History enthusiasts re-enact battle
Peeling turnips
Elizabeth Genard, 12, and another colonial re-enactor pass time at the fort by peeling turnips and grinding pepper the “old-fashioned” way. - photo by Photo by Frenchi Jones
Face to face they stood as the morning fog lingered over Fort Morris on Saturday, the British on one side, demanding the surrender of the fort, and Georgia’s Continental troops on the other side, proclaiming they would fight until the bitter end.
“We, sir, are fighting the battle for America … as to surrendering the fort, receive this laconic reply …,” Samuel Harrison said, reading a letter written by Lt. Col. John McIntosh. “Come and take it!”
Spectators seated on metal bleachers on the outskirts of the “battlefield” watched closely to see what would happen next. The scene, staged by the Georgia Society of the Sons of the American Revolution, was designed to commemorate the 231st anniversary of the British demand to surrender Fort Morris.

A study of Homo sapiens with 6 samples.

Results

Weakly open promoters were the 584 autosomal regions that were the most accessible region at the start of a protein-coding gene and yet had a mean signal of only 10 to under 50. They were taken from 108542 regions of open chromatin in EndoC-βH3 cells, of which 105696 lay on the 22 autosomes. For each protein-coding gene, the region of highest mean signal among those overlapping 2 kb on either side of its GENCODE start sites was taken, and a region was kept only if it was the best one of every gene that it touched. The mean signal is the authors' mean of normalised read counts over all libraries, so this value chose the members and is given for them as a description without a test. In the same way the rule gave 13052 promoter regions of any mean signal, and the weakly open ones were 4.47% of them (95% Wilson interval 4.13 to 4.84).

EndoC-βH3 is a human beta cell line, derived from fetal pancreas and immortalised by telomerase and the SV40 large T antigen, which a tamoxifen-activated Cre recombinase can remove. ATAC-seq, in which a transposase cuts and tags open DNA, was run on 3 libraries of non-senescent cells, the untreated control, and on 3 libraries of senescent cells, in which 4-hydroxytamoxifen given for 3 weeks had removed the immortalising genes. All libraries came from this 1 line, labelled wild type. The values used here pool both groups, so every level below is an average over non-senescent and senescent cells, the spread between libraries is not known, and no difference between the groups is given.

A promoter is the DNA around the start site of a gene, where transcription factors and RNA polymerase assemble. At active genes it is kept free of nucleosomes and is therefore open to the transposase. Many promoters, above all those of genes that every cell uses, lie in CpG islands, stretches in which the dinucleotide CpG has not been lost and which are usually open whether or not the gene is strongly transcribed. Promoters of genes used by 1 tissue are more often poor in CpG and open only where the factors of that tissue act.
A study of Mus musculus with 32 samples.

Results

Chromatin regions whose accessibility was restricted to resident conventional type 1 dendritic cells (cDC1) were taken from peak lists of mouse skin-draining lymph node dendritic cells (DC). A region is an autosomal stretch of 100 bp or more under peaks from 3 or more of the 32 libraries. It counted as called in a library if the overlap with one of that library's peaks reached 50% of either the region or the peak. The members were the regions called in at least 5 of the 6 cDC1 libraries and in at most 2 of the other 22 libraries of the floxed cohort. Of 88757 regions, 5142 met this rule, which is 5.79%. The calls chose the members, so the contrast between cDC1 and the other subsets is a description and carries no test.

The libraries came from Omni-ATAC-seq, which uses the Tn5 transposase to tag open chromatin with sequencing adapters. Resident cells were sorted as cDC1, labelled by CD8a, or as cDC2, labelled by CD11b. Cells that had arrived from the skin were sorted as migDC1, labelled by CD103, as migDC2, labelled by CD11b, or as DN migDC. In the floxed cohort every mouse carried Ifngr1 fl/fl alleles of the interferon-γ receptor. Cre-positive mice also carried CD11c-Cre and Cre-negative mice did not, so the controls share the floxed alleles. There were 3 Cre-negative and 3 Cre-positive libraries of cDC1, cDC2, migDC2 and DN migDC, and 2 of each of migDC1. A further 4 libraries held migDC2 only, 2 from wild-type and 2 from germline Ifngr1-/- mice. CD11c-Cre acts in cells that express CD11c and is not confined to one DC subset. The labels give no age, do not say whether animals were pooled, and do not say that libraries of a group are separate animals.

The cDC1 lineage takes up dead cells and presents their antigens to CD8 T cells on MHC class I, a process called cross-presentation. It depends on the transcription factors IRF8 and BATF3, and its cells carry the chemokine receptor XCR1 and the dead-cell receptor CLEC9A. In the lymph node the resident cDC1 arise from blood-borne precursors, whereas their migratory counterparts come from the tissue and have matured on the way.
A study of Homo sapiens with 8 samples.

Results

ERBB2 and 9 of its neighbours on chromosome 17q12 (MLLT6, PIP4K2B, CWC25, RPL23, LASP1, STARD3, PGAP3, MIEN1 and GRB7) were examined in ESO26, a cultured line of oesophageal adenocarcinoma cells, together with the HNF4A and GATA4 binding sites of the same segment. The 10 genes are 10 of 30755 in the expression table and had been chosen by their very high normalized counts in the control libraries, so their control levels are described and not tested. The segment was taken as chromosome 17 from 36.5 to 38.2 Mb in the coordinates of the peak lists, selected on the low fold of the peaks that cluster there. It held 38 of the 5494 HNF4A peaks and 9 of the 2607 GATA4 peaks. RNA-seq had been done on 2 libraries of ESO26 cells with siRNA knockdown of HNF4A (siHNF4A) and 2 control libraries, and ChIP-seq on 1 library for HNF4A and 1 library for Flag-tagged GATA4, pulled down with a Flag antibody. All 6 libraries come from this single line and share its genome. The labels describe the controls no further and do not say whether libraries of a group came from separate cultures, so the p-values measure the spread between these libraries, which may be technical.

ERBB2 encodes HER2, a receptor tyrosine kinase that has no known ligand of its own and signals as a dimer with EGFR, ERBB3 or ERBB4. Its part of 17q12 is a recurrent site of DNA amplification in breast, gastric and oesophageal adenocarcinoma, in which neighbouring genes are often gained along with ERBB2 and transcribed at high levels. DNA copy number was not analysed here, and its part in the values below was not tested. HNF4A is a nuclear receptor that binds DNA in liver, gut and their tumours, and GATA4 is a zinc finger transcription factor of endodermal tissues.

“Today, we’re here to remember the sacrifice that our American patriots made and the courage that they showed,” said Dr. Samuel C. Powell, vice president general of the National Society Sons of the American Revolution.
“The British may have won the battle, but they lost the war,” Powell continued. “They couldn’t kill the American spirit.”
During Saturday’s re-enactment of the Jan. 9, 1779 British attack, Taps resonated over the trees and the pungent smell of gunpowder hung in the air. Hazy clouds and wisps of smoke from freshly fired muskets conjured images of what the soldiers likely experienced the day the fort fell to the British.
“We feel like it’s important for young people so that they might learn and appreciate and understand when they study it in school they can actually see some uniforms and customs … so we feel like that might make it more meaningful for them as they remember the liberty and freedoms that we have,” said Bill Ramsaur of the GSSAR.
“We just forget where we come from sometime,” added  Arthur Edgar, Fort Morris Historic Site manager. “But we must remember that it wasn’t necessarily the guns and the weapons that really determined the Revolution. It was the resolve of the American people and the Revolutionary spirit of the American people that gained us our independence.”